It’s Tuesday, and we have a TuesdayTorahTutorsTidbit hot off the WebEx class!
Real Torah, from real TorahTutors sessions.
A TorahTutors student learning Mishna discovered recently that Berachot 5:1 says not to interrupt while saying the Amidah: “Even if the king greets him, he should not respond; and even if a snake is wrapped on his heel, he should not interrupt.”
This line in the Mishna is a great example of the importance of going further and deeper in learning, and not just stopping with brief, apparently categorical statements – because of course, things aren’t so simple. After all, ignoring a royal greeting could have deadly repercussions, as could a snake. Are we really supposed to risk our lives for the sake of not interrupting prayer? That’s not one of the “big three” sins for which the Talmud says elsewhere one must not violate even on pain of death!
Because the Mishna’s statement is so surprising, the tutor brought in a Talmudic passage that takes the Mishnaic principle and offers more clarity for practical halakha: “Rav Yosef said: They taught this only regarding a Jewish king [who would presumably understand and respect the reason the person isn’t responding]; but with a king of the nations of the world – he interrupts” (Berachot 32b). And regarding the snake, “Rav Sheshet said: They taught this only regarding a snake; but a scorpion – he interrupts” (ibid. 33a). Commentators explain that the Mishna is speaking of something which is either not venomous, or unlikely to bite if not provoked – but clarify that if there is any danger, certainly one should interrupt one’s prayer to get to safety.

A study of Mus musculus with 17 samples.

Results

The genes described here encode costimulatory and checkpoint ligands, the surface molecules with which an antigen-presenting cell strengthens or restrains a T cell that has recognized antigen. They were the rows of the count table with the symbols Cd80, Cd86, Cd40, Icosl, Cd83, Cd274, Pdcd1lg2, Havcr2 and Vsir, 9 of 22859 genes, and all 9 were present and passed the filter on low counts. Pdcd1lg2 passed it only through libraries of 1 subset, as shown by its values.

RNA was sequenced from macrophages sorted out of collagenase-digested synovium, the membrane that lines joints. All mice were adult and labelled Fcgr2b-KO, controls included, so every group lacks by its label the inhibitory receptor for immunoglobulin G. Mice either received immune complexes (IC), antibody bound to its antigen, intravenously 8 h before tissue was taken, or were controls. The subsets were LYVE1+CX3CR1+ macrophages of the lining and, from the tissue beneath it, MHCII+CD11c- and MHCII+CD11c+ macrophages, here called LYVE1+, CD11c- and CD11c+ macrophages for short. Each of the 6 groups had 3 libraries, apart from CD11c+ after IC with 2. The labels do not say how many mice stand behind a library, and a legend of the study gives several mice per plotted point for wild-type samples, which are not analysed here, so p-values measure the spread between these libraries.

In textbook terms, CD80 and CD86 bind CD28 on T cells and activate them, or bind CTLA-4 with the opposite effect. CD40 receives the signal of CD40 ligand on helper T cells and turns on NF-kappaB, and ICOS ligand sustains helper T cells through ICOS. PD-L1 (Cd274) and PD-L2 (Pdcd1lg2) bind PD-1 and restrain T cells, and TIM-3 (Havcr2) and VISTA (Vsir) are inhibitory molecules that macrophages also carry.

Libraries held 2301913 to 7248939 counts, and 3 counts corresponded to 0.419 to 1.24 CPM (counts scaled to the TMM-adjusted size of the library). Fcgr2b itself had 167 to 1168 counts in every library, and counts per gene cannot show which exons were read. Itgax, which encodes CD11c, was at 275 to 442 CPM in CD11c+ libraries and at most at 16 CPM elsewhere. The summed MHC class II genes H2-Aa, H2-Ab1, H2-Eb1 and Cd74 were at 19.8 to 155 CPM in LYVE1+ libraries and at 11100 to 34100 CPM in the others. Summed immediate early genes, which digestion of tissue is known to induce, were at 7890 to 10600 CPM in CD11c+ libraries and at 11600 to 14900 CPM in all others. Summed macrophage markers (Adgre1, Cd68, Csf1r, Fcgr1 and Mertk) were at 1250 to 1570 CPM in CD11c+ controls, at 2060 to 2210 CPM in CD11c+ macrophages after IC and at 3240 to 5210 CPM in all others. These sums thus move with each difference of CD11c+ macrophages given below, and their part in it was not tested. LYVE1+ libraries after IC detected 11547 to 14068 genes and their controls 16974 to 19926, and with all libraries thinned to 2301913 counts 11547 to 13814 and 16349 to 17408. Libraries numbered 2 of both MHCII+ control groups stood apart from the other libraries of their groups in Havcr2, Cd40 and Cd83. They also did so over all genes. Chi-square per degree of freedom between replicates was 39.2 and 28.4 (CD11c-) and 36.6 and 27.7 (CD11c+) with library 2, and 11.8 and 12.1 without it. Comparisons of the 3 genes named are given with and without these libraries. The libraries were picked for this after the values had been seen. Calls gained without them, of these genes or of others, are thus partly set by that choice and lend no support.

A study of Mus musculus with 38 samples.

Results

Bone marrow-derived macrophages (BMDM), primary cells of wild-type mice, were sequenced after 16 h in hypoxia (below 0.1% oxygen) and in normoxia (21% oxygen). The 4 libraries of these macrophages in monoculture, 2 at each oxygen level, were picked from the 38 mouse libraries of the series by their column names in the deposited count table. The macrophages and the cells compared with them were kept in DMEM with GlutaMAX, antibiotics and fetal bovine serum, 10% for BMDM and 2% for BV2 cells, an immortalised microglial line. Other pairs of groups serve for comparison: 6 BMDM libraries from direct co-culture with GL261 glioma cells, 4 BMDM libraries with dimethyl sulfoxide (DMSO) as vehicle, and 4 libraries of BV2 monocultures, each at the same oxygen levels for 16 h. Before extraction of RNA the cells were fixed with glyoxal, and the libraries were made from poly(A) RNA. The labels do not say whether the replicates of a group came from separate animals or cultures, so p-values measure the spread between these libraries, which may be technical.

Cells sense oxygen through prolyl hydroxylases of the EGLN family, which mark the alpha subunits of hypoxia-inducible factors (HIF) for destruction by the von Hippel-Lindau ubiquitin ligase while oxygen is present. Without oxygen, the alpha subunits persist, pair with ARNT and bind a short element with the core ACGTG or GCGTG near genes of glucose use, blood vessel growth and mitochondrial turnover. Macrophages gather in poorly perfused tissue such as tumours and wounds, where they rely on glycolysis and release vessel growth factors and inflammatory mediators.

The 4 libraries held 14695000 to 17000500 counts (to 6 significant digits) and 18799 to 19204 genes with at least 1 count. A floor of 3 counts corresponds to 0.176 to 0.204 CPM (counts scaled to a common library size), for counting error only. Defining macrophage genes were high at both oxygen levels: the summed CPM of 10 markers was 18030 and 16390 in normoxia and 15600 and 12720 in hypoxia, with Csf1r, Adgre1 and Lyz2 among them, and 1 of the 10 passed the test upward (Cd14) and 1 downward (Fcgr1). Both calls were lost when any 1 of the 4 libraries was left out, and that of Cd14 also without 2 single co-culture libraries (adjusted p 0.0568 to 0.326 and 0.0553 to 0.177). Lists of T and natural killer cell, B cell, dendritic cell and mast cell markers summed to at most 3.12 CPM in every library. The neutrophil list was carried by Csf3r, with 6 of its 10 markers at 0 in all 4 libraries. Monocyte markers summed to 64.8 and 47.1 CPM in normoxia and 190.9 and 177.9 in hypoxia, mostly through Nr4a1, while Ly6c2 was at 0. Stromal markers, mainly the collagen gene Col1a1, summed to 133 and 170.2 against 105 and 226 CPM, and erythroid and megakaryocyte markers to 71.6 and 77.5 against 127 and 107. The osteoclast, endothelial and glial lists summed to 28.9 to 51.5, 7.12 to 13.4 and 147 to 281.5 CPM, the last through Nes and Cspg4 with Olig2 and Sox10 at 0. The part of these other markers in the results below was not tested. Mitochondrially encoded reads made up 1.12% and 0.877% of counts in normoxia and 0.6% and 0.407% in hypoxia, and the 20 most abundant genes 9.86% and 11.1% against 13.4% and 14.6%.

Of course, the text also gave rise to other discussions – like whether one could actually maintain focus on prayer and resist the urge to get away from even a nonhazardous creature on one’s ankle.
Jewish texts are full of all kinds of wisdom, challenges, and opportunities for further analysis and thought, and we’d love to engage in that adventure with you!